The contrasts in the June issue were fun, showing that lean service is still an area of great debate. Better that way.
Tracing the flows through Lethbridge’s matrix of 16 elements could lead to hours of discussion. Good on you for getting us going, Sarah. But ‘standards’ or standard work; variation or variety? Also very useful to be reminded later by Squires of the value analysis view that value is function divided by cost. So, in services, if we think of waste being something that the customer would not pay for (see Gillet’s article), it depends on cost. Perhaps then a case of the Kano model of basics, performance factors, and delighters. This leads onto…
Standard work: a contrast between the ‘standardisation spectrum’ of Lethbridge and Bill Bellows’ warnings about firefighting on the one hand, and the (apparently) more rigid views of Gillet and Locher on the other. So, is there a compromise?
Let us first reflect on possible confusion between standard work and work standards. Standard work should be more about the CURRENT best way to do a job (and hence evolves and is developed by people at work at the gemba), whereas a work standard defines what is required as an output (and hence tends to be more static, and is defined by customer need through managers or engineers).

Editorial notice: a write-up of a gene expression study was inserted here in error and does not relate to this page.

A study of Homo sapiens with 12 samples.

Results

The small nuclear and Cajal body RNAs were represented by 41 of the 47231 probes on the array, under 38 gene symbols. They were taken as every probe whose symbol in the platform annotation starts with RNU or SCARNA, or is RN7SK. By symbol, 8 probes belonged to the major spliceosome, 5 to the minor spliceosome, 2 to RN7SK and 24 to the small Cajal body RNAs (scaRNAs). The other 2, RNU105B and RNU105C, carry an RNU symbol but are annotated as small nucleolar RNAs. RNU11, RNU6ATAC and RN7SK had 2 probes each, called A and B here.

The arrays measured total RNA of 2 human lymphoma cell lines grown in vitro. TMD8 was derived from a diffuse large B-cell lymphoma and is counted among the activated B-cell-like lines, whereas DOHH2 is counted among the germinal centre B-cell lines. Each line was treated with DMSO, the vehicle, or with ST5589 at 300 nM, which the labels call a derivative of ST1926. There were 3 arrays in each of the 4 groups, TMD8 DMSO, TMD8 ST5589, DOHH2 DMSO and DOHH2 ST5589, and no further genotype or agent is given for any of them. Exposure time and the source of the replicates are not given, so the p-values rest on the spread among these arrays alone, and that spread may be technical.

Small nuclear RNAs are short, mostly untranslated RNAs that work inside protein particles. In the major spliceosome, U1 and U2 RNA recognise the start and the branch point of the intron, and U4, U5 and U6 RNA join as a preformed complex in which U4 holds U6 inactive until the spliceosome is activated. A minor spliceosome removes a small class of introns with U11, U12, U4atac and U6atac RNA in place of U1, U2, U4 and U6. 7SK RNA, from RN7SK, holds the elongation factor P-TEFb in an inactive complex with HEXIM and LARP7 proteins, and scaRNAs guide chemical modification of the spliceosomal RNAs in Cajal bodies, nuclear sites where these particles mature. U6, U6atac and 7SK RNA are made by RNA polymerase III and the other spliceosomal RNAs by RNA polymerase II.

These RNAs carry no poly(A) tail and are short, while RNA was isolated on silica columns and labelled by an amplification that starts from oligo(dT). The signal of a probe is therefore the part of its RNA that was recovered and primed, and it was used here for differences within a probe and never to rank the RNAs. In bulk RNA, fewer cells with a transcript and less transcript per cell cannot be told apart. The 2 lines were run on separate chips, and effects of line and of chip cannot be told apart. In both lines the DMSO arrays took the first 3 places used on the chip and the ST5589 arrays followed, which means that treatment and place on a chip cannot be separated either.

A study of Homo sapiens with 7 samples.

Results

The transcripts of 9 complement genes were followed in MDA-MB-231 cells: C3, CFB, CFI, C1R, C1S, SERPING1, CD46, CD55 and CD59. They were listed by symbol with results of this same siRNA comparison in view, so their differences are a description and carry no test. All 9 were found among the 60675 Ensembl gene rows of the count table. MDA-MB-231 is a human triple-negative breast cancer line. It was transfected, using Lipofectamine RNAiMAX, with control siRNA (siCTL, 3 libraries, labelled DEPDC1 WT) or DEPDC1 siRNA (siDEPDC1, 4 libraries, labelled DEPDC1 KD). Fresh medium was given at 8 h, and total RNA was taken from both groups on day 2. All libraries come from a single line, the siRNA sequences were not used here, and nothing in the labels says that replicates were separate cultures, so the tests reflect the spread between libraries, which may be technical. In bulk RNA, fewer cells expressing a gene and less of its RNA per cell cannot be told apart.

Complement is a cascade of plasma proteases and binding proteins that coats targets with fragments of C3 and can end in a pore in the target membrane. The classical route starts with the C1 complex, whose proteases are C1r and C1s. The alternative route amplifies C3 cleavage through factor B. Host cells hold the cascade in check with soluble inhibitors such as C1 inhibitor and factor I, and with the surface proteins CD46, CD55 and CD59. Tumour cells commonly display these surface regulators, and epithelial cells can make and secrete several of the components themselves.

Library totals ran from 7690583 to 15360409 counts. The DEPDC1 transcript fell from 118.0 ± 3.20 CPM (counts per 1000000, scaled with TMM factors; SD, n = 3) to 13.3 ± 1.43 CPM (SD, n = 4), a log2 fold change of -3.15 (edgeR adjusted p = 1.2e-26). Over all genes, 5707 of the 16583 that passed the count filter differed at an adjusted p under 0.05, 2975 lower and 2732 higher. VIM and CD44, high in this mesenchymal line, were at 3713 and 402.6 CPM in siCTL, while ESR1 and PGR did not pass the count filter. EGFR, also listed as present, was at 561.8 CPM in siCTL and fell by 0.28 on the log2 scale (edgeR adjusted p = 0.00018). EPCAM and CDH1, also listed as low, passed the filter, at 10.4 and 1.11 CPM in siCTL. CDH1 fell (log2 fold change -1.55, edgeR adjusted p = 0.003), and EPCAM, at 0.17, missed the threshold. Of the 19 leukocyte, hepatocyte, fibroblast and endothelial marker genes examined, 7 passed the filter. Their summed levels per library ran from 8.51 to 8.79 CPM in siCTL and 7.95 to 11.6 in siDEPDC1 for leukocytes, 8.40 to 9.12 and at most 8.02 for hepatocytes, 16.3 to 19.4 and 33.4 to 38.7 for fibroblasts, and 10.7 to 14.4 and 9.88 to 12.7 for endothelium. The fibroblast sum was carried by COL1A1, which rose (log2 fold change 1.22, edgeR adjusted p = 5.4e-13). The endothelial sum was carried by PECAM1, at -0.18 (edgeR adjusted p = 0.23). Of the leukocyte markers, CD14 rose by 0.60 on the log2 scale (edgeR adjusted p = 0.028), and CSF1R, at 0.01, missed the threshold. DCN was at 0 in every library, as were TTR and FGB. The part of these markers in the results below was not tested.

Then, I think, it is helpful to look at utilisation, which we know has a major impact on delay and throughput particularly where it is too high. This is muri or overload, and the negative consequences begin well below 100% utilisation. For people as well as machine. At high utilisation the effects are exponential.
Utilisation is load divided by capacity. Load, in turn, is value demand plus failure demand. So any activity that leads to failure demand increases utilisation and must be avoided, particularly at high utilisation levels. Then there is capacity. Capacity is base capacity minus waste. So if waste can be reduced, capacity is freed up, utilisation drops, and delays reduced.
Even Starbucks (see Roberto’s article) with attention to standard work, still has complaints. That is why they teach their LATTE recovery procedure – Listen, Apologise, Take action, Thank, Explain.
The other factor in Kingman’s equation is variation. There are two types: arrival variation and process variation. Much of the discussion in the articles was about process variation. Here, standard work (and six sigma and 5S) could play a role provided that failure demand is not increased. A very big proviso! Better to absorb than try to reduce? Arrival variation is another story, but equally important. Here the article on Toyota service was interesting – influencing arrival variation. For each type of variation, it is relative variation that is important, not absolute. This means that variation in a long process is unimportant, but variation in a short cycle process is very important. Would that make the case for combining front and back office, rather than separating them in the interests of efficiency? Particularly if failure demand results.